No Fee Unless We Win.

Oftentimes at buildings and jobsites and worksites there are objects that fall and strike workers. Unless you’re wearing a helmet, it is very easy to be hit with a falling object. If an object falls and hits a worker, the injuries can be severe, even deadly. Per OSHA, there were more than 52,600 incidents of workers being struck by objects falling at the jobsite.

Part of the problem occurs when a worker’s tools are not properly secured or tied up and they fall from a worker’s tool-belt if the worker is working at a great height.


When workers are injured, a lot of the time it’s because the employer has not thought up a fall protection program for tools and equipment that can fall onto a worker below. OSHA recommends that workers can use tools without interference, tools that weigh more than five pounds should be fastened to a structure or a tether to keep the tool secure, and monitor the load rating.

Following these simple steps can save a worker’s life because the third largest reason for death on the jobsite is because of objects and equipment. OSHA also requires workers to make sure tools and materials are prevented from falling, using toe boards and screens on guard rails and use debris nets or catch platforms to secure falling objects. There is no duty or law on the books that says that tools must be tied up or tethered to a worker or station.

OSHA is the governing body that can cite employers from tools or materials that fall and harm a worker. OSHA will point to the General Duty clause when citing an employer. In order to be cited, there must be a hazard present, the hazard has to be recognized that can cause injury or death to a worker, and the hazard has to be able to be corrected.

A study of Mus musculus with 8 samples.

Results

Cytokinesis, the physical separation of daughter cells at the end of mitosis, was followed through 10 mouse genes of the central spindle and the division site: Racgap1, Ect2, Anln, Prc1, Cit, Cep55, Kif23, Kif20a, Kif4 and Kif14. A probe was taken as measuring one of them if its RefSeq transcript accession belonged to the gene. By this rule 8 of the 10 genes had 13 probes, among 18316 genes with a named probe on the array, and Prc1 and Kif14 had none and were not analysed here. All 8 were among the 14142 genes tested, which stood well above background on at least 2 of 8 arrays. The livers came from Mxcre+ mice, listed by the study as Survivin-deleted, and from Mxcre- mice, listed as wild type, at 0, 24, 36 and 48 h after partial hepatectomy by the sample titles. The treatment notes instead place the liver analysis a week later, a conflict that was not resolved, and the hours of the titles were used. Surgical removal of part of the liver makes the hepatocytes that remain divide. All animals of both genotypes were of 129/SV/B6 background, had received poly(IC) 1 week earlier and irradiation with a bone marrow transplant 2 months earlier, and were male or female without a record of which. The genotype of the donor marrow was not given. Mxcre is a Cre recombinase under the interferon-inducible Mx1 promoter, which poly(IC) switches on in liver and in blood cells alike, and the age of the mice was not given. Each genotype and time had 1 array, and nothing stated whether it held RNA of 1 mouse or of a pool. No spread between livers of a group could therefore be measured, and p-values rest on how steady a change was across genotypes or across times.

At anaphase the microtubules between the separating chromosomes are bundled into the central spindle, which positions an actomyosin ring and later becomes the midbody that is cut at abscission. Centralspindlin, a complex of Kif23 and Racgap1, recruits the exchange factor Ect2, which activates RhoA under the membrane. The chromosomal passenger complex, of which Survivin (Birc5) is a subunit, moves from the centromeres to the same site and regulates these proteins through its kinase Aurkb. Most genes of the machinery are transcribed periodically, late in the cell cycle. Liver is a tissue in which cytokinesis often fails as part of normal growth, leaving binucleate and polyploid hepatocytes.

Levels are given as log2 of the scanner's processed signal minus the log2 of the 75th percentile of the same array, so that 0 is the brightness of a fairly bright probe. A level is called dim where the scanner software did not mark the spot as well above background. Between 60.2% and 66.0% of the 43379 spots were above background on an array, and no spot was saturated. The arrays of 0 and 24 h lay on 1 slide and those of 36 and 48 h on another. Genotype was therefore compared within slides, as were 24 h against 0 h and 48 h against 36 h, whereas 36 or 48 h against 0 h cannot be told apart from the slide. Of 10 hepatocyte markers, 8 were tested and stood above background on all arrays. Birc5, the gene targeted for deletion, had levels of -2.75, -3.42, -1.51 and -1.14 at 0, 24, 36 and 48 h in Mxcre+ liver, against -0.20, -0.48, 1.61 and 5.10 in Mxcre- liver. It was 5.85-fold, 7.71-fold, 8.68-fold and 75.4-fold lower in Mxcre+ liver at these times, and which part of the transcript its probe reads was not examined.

OSHA also recommends the following measures to keep workers safe. If a worker wants to hand a tool to another worker, the worker should make sure the tool is tethered and secured. Employees should be trained on how to handle tools that tethered and how to connect tools, as well as how to hoist tools. A worker’s height should only bring up the tools necessary to do the job. There are many bags and pouches available for sale that can decrease the risk that an item will fall. Toe boards can also help stop falling tools, especially if the toe-board can withstand 50 pounds of pressure. Finally, there are also debris nets that can catch falling tools.

Erecting walls at a jobsite can also pose a real hazard to a worker. OSHA has a recommended fall protection regimen where an anchorage is tied up to the worker, the worker wears a harness, and a lanyard acts as a connector that bridges the harness to the anchorage. If a worker is hooked up like this, it is very unlikely the worker will fall.